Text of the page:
A new company called SkyRiver has launched a bibliographic utility, directly challenging long-dominant OCLC. Over the last 18 years, strategic acquisitions by OCLC have narrowed competition, but SkyRiver—founded by Jerry Kline, the owner and co-founder of Innovative Interfaces—aims to expand the market and offer an alternative bibliographic utility for cataloging that could save libraries up to 40 percent off their expenditures for bibliographic services.

The product is stated as being open, and offering bibliographic records without many of the restrictions that the other products have.  No information about pricing has been released.  Speculation abounds about OCLC’s reaction to SkyRiver.  So far we’ve had silence, but some anticipate a more vocal response after the launch date.

“III’s CEO launches SkyRiver, competition to OCLC records”

  1. Diedre Conkling Says:

    I know that we all want to cut costs wherever we can but this would have to be a resource that provided more than cataloging records for me to be interested.

    OCLC does provide much more than cataloging records. The interlibrary loan capabilities are going to continue to be better than the possibilities with other services unless one of them suddenly becomes a real draw for the majority of libraries around the world.

    There are many other services provided by OCLC, including digitalization resources, database subscriptions, Webcat, Webjunction and even WebDewey. Yes, some of these can be obtained from other companies but not another bibliographic utility company.

    I also look to OCLC as the place that is able to do real research in our field. Not many other places have the money to do the research we need.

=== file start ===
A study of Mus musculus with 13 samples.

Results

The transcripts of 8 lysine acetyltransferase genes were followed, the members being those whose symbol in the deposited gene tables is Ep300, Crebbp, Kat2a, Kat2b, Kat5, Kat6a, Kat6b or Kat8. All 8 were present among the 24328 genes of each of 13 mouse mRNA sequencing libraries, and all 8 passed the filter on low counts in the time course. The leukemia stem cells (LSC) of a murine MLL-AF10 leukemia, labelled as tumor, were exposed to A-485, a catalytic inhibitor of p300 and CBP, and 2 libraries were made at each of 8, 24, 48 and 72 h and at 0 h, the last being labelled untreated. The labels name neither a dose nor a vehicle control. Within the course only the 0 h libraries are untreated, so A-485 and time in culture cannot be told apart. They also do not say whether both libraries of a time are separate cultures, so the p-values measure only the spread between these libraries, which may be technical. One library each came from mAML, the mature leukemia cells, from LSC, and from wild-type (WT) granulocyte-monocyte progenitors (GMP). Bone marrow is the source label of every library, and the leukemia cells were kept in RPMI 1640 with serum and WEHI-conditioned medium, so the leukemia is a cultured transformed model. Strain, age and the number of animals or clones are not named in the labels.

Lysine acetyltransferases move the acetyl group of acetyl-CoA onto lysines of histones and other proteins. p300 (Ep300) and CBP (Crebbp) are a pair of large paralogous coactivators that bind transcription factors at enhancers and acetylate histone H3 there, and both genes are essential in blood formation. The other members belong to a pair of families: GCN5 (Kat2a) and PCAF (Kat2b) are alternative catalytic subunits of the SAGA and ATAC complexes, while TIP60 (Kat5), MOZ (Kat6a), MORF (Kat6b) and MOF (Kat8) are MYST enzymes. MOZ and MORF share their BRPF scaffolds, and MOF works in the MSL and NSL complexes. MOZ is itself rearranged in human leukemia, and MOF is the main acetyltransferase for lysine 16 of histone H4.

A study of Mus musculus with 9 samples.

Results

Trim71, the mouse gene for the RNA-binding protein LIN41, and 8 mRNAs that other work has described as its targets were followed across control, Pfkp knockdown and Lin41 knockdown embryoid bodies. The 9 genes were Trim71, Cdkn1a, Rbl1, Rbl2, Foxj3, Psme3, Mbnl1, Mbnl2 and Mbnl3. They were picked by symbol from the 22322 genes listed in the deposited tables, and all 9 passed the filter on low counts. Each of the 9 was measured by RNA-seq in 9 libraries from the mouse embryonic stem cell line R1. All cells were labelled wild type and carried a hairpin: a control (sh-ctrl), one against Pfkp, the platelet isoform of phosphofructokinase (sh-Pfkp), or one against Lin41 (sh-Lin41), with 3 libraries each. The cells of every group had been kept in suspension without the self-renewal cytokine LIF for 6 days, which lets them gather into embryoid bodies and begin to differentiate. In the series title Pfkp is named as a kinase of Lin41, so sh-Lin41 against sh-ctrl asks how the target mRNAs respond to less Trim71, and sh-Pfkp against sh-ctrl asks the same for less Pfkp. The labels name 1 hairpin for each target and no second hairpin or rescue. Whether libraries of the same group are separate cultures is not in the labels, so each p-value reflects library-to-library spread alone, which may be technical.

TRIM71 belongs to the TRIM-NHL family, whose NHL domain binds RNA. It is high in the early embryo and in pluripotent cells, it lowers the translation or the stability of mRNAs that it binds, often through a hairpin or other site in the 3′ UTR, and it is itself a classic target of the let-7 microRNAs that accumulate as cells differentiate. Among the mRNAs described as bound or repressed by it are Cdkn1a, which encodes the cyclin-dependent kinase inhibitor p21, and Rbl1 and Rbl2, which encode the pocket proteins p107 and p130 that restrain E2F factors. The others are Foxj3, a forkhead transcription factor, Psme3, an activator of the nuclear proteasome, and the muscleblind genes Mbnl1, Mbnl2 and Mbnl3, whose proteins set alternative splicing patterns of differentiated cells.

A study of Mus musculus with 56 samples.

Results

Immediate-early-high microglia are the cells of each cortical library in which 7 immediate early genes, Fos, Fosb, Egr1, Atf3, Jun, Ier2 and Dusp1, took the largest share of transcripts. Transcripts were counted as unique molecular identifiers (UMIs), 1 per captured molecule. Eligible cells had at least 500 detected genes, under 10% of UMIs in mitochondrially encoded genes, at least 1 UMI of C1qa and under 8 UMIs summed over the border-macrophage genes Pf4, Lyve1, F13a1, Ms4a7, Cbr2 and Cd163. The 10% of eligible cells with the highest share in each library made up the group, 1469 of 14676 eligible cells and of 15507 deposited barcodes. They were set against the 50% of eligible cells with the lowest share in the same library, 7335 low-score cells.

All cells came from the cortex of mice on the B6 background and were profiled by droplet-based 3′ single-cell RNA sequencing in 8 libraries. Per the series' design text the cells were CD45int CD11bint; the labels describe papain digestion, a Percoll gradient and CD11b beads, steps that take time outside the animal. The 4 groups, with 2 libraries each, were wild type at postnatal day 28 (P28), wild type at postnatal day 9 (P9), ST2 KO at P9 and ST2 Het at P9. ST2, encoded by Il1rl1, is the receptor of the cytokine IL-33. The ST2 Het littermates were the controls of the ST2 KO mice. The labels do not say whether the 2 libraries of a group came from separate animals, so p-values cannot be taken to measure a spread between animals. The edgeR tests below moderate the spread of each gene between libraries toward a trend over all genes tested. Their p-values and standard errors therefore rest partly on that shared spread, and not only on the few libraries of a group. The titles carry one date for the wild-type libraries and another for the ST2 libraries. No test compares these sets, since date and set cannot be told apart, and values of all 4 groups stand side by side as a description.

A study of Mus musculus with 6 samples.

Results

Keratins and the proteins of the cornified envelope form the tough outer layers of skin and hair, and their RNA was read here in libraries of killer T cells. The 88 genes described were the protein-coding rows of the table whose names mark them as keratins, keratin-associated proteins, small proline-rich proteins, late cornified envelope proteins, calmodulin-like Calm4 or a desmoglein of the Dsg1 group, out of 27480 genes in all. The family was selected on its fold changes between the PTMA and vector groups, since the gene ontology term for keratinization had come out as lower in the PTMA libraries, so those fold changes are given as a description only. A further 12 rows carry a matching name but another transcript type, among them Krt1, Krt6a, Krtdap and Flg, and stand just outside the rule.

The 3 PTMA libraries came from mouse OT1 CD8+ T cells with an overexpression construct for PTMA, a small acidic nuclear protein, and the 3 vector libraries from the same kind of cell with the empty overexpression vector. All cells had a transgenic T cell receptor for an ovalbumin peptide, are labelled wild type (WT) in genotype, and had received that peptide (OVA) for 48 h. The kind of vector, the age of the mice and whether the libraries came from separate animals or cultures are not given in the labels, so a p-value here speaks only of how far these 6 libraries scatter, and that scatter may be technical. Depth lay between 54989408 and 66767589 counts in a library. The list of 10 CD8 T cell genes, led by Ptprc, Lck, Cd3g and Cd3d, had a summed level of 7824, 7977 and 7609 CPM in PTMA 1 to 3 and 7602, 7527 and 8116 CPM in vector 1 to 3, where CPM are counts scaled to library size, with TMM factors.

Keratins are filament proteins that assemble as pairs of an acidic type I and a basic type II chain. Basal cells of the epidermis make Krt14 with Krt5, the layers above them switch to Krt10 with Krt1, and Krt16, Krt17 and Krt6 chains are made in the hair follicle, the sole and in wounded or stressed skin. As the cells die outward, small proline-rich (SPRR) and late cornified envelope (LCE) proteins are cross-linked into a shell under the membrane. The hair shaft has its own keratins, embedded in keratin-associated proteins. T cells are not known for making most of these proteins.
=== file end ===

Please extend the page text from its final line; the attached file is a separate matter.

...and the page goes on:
I think it is great that others are providing cataloging records but I don’t think OCLC should be very worried about it yet. They are going to be the giants in this area for some time to come.

  2. Sarah Says:

    Of course OCLC offers more than just bibliographic records. They offer many products. However, why can a library not obtain bibliographic records from another company, and then use those records along with other “purchased” OCLC products? There is no excuse anymore for OCLC not making their bibliographic records database open access. Proprietary records are a thing of the past. It’s just going to take a while for OCLC’s Board to realize that, I think. A day is soon coming, though, when OCLC will have to realize that the products they create are not meeting user needs (especially public, school, and small libraries), and that they either follow the open access and open source trends in our profession and the world at large, or they resign themselves to becoming an antiquated dinosaur of a “member-based” institution with no happy members left to speak of. I think they’ll make the right choice.

  3. anonymous Says:

    I’m suspicious of this. It sounds to me that the records they’re using are being pulled from the catalogs of libraries that use III as an ILS. I would assume that most of those records originated from the OCLC database. I don’t believe that they’re suggesting creating their own catalog records, and it did not sound to me like they’re using original cataloging just from SkyRiver customers only.